Do you think you learn more from a successful startup or from a failed startup? originally appeared on Quora - the place to gain and share knowledge, empowering people to learn from others and better understand the world.
Most startups fail.
Most fail because they do not reach product/market fit. When a company launches a product that has never existed before, they have no way of knowing for sure if customers will find the product compelling, will pick it over the alternatives, or will pay enough for it to produce a profitable business. In most cases the answer is "no." Predicting the success of a new product is very hard in any industry.
Other startups fail because of execution problems. Most startups are underfunded, staffed with inexperienced people, have no brand equity, and are constantly racing the clock trying to keep the wheels on. Most run out of time and disband.
This means that the startup world is full of people who have failed. Most founders will live through their company failing, and even those who succeed often suffer a few failures before they have a breakthrough.
Most of these founders will tell you a few things:
- You have to be willing to risk failure to start a company, even though you should fight like crazy to avoid it.
- Failure usually isn't as bad as you thought it would be -- you will not be blackballed from the industry, and your life will not be ruined. People will barely notice.
- You will learn a lot. Startups are intense experiences that result in rapid learning. Even if they fail, you'll be armed with new experiences you can roll into your next project.
This attitude is both healthy and realistic, but it can be taken too far. The industry's acceptance of failure can often be misinterpreted as fetishizing failure -- even suggesting that failure can be more rewarding than success.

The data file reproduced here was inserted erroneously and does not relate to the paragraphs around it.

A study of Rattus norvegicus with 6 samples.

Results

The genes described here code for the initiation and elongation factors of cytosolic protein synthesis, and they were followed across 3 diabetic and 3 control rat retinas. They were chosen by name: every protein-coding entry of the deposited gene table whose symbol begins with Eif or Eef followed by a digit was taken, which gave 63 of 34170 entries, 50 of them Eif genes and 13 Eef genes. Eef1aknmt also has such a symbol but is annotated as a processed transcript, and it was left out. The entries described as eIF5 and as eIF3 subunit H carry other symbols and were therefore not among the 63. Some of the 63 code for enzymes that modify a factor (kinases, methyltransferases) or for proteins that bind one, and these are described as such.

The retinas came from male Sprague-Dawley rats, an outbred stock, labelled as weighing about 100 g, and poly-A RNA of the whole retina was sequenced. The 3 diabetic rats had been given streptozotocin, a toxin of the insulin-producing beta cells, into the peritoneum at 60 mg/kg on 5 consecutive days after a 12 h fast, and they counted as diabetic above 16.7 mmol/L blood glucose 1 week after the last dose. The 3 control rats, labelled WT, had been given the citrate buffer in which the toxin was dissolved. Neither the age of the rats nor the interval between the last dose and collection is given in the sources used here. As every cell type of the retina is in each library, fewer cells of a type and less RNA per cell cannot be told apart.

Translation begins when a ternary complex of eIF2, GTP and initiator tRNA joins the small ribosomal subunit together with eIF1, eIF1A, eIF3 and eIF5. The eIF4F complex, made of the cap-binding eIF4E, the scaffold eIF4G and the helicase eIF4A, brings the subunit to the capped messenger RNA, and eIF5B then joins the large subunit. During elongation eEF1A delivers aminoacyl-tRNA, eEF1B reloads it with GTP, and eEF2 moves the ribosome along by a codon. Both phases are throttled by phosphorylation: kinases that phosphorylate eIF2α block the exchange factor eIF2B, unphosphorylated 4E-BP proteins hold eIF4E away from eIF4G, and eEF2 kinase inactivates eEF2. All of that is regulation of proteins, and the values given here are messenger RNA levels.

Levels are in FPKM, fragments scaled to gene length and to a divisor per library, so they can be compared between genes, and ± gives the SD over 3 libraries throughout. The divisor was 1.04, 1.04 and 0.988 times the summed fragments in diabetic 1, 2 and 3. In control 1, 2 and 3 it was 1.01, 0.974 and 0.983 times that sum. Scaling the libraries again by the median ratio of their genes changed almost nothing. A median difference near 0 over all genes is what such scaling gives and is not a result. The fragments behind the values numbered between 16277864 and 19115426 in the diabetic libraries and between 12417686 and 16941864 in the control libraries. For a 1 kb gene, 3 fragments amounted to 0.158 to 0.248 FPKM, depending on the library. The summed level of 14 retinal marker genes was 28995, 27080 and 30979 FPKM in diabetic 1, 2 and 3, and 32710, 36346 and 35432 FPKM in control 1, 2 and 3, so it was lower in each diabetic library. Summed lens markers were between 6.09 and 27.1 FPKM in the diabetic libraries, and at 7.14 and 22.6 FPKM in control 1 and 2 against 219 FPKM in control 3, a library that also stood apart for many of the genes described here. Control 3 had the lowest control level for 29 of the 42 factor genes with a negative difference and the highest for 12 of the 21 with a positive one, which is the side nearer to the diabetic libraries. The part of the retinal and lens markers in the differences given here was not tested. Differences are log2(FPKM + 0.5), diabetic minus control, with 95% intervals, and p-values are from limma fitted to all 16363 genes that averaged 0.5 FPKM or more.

No way. Failure is painful, often wasteful, and will almost always teach you less than success will. Founders dread it and work to avoid it. It is also not the only way to learn: learning from other people's mistakes is far preferable to learning from your own, and there is no shortage of podcasts and blogs full of founders telling failure stories to learn from.
If you start a startups that succeeds instead of fails:
- You'll go through all of the phases of startup growth: putting together a founding team, raising money, building a product, getting happy customers, recruiting executives, managing a board, and keeping the team and culture intact. A successful startup gives you the chance to learn all of these, but an unsuccessful startup usually doesn't get far enough to provide many lessons learned. If your startup never goes beyond your writing code in your basement with your buddies, all you've learned to do is write code in your basement.
- You'll gain confidence. Once you've been involved in a successful startup, you realize that, although it's hard, it can be done, and you'll have the confidence to do another one.
- You'll build your network, reputation, and credibility. It gets easier to hire, raise money, and to close deals with customers once you become knows as someone who knows how to do this successfully.
This should not be controversial: the best way to learn how to do a thing is to do that thing. Startup failure cuts that learning short.
But people keep asking about startup failure for a reason. What they are often asking is some version of, "if my startup fails, will I end up better off than if I didn't start a company at all?"
The answer is that it depends on what your alternative to starting that company was.
If the alternative was to sit in a cubicle at a large company doing the same thing every day, then you will likely learn more from launching your own company. Even if it fails quickly, you'll learn how to find co-founders, get a product out, interact with users, and maybe raise money and handle investors if you get that far. You'll probably meet other founders and build a bit of a network that can help you with your next company. And most importantly, you'll discover if you actually enjoy doing this or not.
But joining a large company and starting your own company are not your only two alternatives. There is a third: join a small but rapidly-growing startup as an early employee. This is a great option, especially if you aren't quite ready to start your own but want to make progress towards that.
If you join a successful startup early then grow with the company, you may learn even more than starting your own company that fails quickly. You'll get a firsthand view of what success looks like, you'll build skills that are relevant at each stage of growth, and you'll build your confidence and your personal network. If you go on to start your own company, you'll have a blueprint for what success looks like and the skills and resources to help you succeed. Just make sure you are joining a company that empowers the team and shares information with them.
Regardless, you can never go too far wrong if you are in an environment where you're rapidly learning, and you'll almost certain have a more rewarding career if you spend your time thinking about how to succeed versus thinking about how to avoid failure.